Sep 18, 2014

A Very Green Day.

For a good couple hours on Thursday, I felt pretty damn Irish.

Shortly after changing from my work shirt into my lime green Guinness tee, I parked again a little ways down the road, only to open my door and find a lucky penny waiting for me on the ground. It gets better, though. When I made my way down the hill to the shoreline, I walked along the railroad track a little ways and came across a nifty little staircase leading down to a small pebbly cove. There I found a couple unopened bottles of Sierra Nevada IPA, cool and glistening from the rain. I took one and popped it open, leaving the other for the next wanderer, or myself if it remains undiscovered until my next visit. As if finding free beer on a secluded beach wasn't enough, I could have also counted my lucky charms that it was a lovely, damp, cool, altogether grey, drizzly, Irish-feeling day.

You see, I find it really comfortable up here between fall and spring, for all the damp, grey, dreary weather that regularly persists throughout that duration delights me. It must run through my Irish blood, really. Not only is the dampness on my skin and the chilly Pacific breeze refreshing beyond compare, the atmosphere it creates could never become tiresome. Everything felt very peaceful; I could hear little but the call of nearby seagulls over rustling of rust-colored leaves as they shook off large water droplets, hitting their already fallen brethren scattered upon the ground. And of course, nobody else was anywhere remotely around to ruin the magic. Apparently, the blissful grey skies keep the vast majority of mundanes inside, which could be at least half the reason I favor such days.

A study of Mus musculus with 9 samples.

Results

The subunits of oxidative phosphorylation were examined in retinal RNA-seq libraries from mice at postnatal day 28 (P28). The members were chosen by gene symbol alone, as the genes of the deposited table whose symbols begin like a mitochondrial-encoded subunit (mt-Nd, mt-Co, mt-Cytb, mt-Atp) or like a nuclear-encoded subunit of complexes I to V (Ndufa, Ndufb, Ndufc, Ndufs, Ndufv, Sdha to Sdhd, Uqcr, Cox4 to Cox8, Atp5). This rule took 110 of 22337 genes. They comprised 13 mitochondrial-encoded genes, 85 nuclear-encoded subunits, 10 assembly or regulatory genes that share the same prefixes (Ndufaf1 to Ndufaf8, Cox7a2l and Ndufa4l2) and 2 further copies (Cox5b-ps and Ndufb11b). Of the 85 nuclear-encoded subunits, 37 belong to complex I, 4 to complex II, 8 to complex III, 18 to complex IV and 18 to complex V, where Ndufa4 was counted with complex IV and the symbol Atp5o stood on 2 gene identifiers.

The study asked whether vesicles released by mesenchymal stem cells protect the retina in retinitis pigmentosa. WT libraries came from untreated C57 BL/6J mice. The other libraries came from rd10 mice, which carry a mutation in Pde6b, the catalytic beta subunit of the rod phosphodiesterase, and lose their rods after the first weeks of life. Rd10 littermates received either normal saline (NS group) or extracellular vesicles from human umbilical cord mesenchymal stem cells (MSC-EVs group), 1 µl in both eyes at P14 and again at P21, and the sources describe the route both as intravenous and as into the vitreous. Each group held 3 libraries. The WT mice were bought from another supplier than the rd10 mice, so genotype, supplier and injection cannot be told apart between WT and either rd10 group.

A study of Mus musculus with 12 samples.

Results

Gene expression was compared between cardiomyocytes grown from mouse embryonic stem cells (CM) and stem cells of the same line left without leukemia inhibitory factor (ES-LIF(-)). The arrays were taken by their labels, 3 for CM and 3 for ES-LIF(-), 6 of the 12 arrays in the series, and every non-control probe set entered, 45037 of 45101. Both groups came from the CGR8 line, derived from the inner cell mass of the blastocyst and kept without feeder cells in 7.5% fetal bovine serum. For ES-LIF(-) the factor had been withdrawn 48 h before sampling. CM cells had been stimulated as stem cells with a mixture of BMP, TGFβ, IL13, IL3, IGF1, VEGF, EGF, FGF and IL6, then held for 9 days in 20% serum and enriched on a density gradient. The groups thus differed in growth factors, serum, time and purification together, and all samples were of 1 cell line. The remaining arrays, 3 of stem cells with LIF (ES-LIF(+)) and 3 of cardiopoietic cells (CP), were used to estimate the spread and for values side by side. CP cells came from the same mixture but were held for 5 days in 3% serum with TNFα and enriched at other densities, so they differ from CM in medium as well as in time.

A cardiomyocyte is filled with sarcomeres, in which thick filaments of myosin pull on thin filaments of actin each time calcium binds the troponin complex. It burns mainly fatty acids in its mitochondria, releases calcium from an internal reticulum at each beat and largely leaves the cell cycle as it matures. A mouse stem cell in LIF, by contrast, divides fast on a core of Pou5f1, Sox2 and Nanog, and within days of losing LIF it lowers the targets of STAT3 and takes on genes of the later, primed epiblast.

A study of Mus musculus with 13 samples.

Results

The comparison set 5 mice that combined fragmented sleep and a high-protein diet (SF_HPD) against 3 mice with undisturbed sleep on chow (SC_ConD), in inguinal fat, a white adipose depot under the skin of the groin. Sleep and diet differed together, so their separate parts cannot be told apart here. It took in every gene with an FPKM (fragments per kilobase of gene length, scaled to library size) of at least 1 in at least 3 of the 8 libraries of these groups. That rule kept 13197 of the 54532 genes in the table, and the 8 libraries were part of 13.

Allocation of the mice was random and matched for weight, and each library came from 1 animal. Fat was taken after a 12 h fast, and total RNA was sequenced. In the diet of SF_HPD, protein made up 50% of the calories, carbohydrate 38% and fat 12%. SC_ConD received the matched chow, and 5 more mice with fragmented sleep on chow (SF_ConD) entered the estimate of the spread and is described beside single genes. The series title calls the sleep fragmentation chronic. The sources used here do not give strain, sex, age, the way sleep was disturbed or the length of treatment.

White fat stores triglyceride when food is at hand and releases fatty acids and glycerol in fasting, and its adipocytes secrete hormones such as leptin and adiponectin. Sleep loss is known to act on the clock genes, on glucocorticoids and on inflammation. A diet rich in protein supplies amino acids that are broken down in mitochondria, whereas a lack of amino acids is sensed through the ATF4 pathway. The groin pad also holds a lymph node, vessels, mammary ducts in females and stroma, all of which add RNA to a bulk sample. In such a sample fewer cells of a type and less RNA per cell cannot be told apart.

I just think of summertime up here in the PNW as an obnoxious, overly extroverted older brother coming up to stay with you for a three month visit. Whether you want him around or not, he rarely goes away and leaves you alone. Most of the time, he's up in your face, taunting you, staring you down, challenging your patience and tolerance, and very little is able to stand in his way. He leaves me feeling easily frustrated, drained, and overheated, because it seems he's simply determined to beat up on me all day long. And he doesn't even go to bed until 9:00! As if all that wasn't bad enough, he is, for whatever inexplicable reason, also very popular, and attracts hordes of admirers... worshipers, even! They come from near and far, and are out and about in droves whenever he's around, taking over the outdoors, tying up traffic, dimishing whatever acceptable level of peace, quiet, and sense of solitude that should exist in a wooded park or sandy pocket of beach. Ugh. In case it isn't already obvious, this analogy is referring to the summer sun.

I think I've effectively made my point on this subject in so many entries (enough to beat [off] a dead horse, but the venting has helped). I hope to not have to do it again until next June. I'd feel even luckier than I already do.

O ye fellow Children of the Shade, rejoice, for Autumn is mercifully nearly upon us.